Miter Saw,Timber Drop Saw
Drop saw, mitre saw, compound miter saws all use the more or less universal TCT saw blades. Depending on the materials being cut, they can be quite coarse, not so many teeth, or quite fine toothed and so dearer. The more teeth, the dearer they are to sharpen too.
Set your mitre saw up on some sort of a bench, (planks on trestles etc.) that is straight and long enough to support the timber. Working off the floor sucks. Take a bit of time to set up a bench and the time you spent will be well repaid in the comfort and accuracy of working at the correct height.
Of course there are now purpose made saw benches, or saw stands out there, complete with extended fences and adjustable stops .
The only time I work on the floor with a drop saw, metal or timber is when the material is heavy. It is easier then to move the saw to the material.
They are great for repetition work. Got 20 sets of architraves to cut and fix? Fix your saw down firm, set up stops on your bench and cut 'em all in one whack.
The one in the shot here is a small 210mm. It has an electric brake that slows the blade real quick when you cut the switch. I have a larger 355mm but it's a ball breaker carrying anywhere. I hardly ever use it.The gap in the main fence of a standard miter saw ( mitre saw ) is quite wide to allow the blade to swing to different angles. To stop small offcuts jamming in the gap there are usually small sliders at the back of the fence that allow the gap to be closed. Adjust them each time you move the angle of cut to close the gap.
My larger miter saw does not have any sliders. If I have a lot of cuts to do at the same angle, I always screw on a piece of straight softwood to the fence, making a new face to the main fence. Then the first cut through it gives me the minimum gap, so that even small offcuts are supported. As soon as it wears into a larger gap, I make another.
These saws are also commonly used to cut aluminium. An aluminium miter saw is set up differently from the timber set up. The blades are a lot finer toothed than timber ones, commonly around 100 teeth. The cutting angle has less rake also.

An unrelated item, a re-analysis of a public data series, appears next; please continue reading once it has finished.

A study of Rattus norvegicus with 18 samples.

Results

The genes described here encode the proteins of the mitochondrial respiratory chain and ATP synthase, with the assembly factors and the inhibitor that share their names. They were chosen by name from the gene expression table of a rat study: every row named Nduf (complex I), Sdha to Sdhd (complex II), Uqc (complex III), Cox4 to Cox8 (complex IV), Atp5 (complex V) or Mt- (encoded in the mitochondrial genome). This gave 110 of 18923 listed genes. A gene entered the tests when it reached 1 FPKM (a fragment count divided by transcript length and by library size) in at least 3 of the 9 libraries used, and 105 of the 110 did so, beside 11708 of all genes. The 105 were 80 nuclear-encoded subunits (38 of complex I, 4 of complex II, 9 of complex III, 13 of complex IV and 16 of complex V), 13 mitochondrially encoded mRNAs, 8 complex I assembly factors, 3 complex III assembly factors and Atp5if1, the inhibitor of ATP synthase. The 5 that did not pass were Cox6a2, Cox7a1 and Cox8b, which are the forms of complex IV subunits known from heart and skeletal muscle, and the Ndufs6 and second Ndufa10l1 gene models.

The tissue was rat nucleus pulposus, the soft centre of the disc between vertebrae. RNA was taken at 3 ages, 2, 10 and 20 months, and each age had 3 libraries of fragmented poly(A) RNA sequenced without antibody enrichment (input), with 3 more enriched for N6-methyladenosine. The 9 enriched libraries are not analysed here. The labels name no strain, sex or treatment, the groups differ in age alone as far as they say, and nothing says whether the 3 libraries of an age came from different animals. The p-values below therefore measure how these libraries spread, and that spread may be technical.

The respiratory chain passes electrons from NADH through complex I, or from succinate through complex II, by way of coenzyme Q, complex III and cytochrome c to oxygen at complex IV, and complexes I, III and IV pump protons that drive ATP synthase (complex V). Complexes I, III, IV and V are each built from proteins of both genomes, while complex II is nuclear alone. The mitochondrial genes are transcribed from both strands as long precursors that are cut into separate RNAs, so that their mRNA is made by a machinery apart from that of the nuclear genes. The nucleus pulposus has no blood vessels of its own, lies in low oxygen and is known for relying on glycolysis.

Don't use a timber blade for cutting aluminium. Get a proper blade and make sure the fence is in good condition. Razor sharp offcuts flying about is something you don't need.
That being said, you can do the odd cut in aluminium with a timber saw blade that is in good condition, if you take precautions and are well aware of the dangers. The miter saw should be fixed down firmly and the work should be also clamped down. I would only do it if the off cut is of a reasonable size and controllable. If you have a lot of aluminium to cut, buy a proper blade.
Don't start the saw with the blade touching the work. It is easy to do, just after you have lowered the blade to check for being in line with your pencil mark.
Keep the timber tight against the fence and also tight to the base. If you have a bend in the timber read the circular saw section on kickback, the same things apply
I have never had a job that justified buying a sliding compound miter saw, I always make up a timber miter box for the odd job, and use a sharp panel saw. ( I must admit they are a fantastic tool though, and getting cheaper too ). They give you the option of cutting compound angles, of course, but their real strength is in being able to do it on wider boards accurately. Some models even have a laser sight to show you the exact position of the cut to be made.